Located in a wooded valley in the Boston Mountains of the Arkansas Ozarks, the 259 acre Lake Fort Smith State Park reopened in the late Spring of 2008 four miles north of its original location, which was closed in early January, 2002. As a park reborn, with totally new facilities, it has 30 camp sites, a group lodging facility, picnic sites, a pavilion, marina with rental boats, a double lane boat ramp, a swimming pool, playground, and an 8,000 square foot visitor center with exhibit gallery, gift shop, a meeting/class room, a patio with an outdoor wood burning fireplace, and a great view of the lake and mountains. Activities for visitors include camping, fishing, kayaking, canoeing, backpacking, boating, hiking and mountain biking. The park borders lands of the Ozark National Forest.
Online directions to the park, in many instances, will take you to the original site, not the new location. The park is located just off Scenic Highway 71, eight miles north of Mountainburg, Arkansas. Those traveling I-540 can get to Mountainburg from Exit 29. The closest exit to the park is actually the Chester exit. If you use this exit, follow the signs to Scenic Highway 71 and then turn north (left) on 71. The park entrance is just a short distance down the road on the right.
Swimming and skiing are not permitted in Lake Fort Smith. Swimming is available at the park's 2,660 square foot swimming pool, which also has a wading pool and splash pad. The 2250 square foot bathhouse includes changing areas, lockers and a snack bar.
Inside the park is the western end of the Ozark Highlands Trail, which stretches about 165 miles across Arkansas to Buffalo National River, passing through some of the most remote and scenic parts of the Ozarks, including hills, hollows and bluffs and past numerous waterfalls. Other hiking and mountain bike trails within the new park are planned or under construction.
The only lodging currently available in the park is the group lodge. It can accommodate up to 16 people in each wing. The lodge has a great room between the two dormitory wings and a kitchenette. Contact the park at 479-369-2469 to make reservations.
Cabins are to be added to the park later as funding is available.
The park has 30 camp sites. Twenty have 50 amp electrical service, water and sewer hookup. Ten have 30 amp electrical service and water. All sites have a woods view.
Contact the park at 479-369-2469 to make reservations.
Park programs are offered throughout the year, including hiking and backpacking workshops, boating and kayaking courses, and other courses, workshops, and classes in such diverse areas as birding and wildlife, nature photography, art, journaling, safety and survival, outdoor ethics, and outdoor cooking. Other programs include guided hikes, nature talks, lake tours and demonstrations throughout the park as well as the visitor center. Groups may request special programs to meet specific interests.
The original Lake Fort Smith State Park began a municipal and county park as part of a 1930s project by the federal Work Projects Administration (WPA). The WPA built dams for two reservoirs, Lake Fort Smith and Lake Shepherd Springs, in the valley upstream of Mountainburg, to serve as part of the municipal water supply system for the City of Fort Smith. A 95 acre recreational park, the Mountainburg Recreational Facility, was developed by Fort Smith and Crawford County along Frog Bayou below the Lake Fort Smith dam. The WPA project contributed a wading pool, a large swimming pool with two diving towers, four stone veneer cottages, a new road, an arched bridge, a boat house, bridle paths, and landscaping. WPA workers cleared brush and built barbeque pits and stone tables as well as rock houses around the mountain springs.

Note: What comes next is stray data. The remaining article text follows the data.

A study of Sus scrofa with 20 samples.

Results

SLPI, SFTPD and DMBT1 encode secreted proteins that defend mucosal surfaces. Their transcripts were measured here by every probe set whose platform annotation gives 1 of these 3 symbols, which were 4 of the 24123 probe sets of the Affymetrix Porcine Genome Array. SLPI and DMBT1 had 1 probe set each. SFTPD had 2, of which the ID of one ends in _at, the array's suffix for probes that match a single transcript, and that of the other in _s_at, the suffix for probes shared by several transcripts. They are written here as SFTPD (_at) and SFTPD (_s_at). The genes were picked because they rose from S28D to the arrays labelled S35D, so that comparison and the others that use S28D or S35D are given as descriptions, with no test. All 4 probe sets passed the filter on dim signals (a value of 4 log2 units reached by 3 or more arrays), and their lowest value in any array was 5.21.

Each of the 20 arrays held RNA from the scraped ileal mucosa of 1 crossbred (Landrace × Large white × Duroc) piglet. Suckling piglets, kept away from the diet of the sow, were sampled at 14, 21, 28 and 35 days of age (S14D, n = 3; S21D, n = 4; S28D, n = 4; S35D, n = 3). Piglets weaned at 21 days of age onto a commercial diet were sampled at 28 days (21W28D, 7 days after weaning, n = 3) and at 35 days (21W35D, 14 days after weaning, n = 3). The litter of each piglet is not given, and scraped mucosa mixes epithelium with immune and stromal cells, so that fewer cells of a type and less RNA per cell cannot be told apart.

The State of Arkansas took over administration of the park in 1967. The pool, which used untreated water directly from Lake Fort Smith, had been closed for health reasons since 1964. Arkansas State Parks built a new Olympic sized pool, remodeled the bathhouse and concession stand, added new playground equipment and constructed a small campground. The park reopened in 1973 as Lake Fort Smith State Park.
With a planned construction of a larger Lake Fort Smith dam that would be built over part of the park, Lake Fort Smith State Park closed in January, 2002, to be relocated to a new site along the shores of the lake. The western trailhead of the Ozark Highlands Trail was relocated to Dockery Gap.
The original Fort Smith Lake Park Dam was retained in place to ensure a continuous water supply for Fort Smith during construction. Built over the site of the swimming pool and the visitor center, the new dam used the original dam for part of its base and is 101 feet higher than its predecessor. The construction joined Lake Fort Smith and Lake Shepherd Springs into a single, larger 1400 acre reservoir. Normal pool level for Lake Fort Smith was raised from 825 feet above sea level to 911 feet, with a capacity of approximately 2.75 billion gallons, triple that of the original reservoirs.
About 500 acres between the two original lakes had to be acquired for the new reservoir. Two historic cemeteries were relocated as were the remains of Native Americans unearthed during construction. Nine hundred feet of the Lake Shepherd Springs dam was demolished.
Lake Fort Smith State Park was relocated to the west side of the new reservoir, at the site of the Lake Shepherd Springs dam. The portion of the dam that was retained is now part of the park's day use area.
The City of Fort Smith, owner of the park, funded replacement of the original facilities. The State of Arkansas, which leases the land for the state park, paid for additional improvements. The new park buildings incorporate the rustic beauty reminiscent of old WPA buildings with native stonework, vaulted ceilings, wood-paneled walls, and massive wooden beams. Some stones from the old park were used.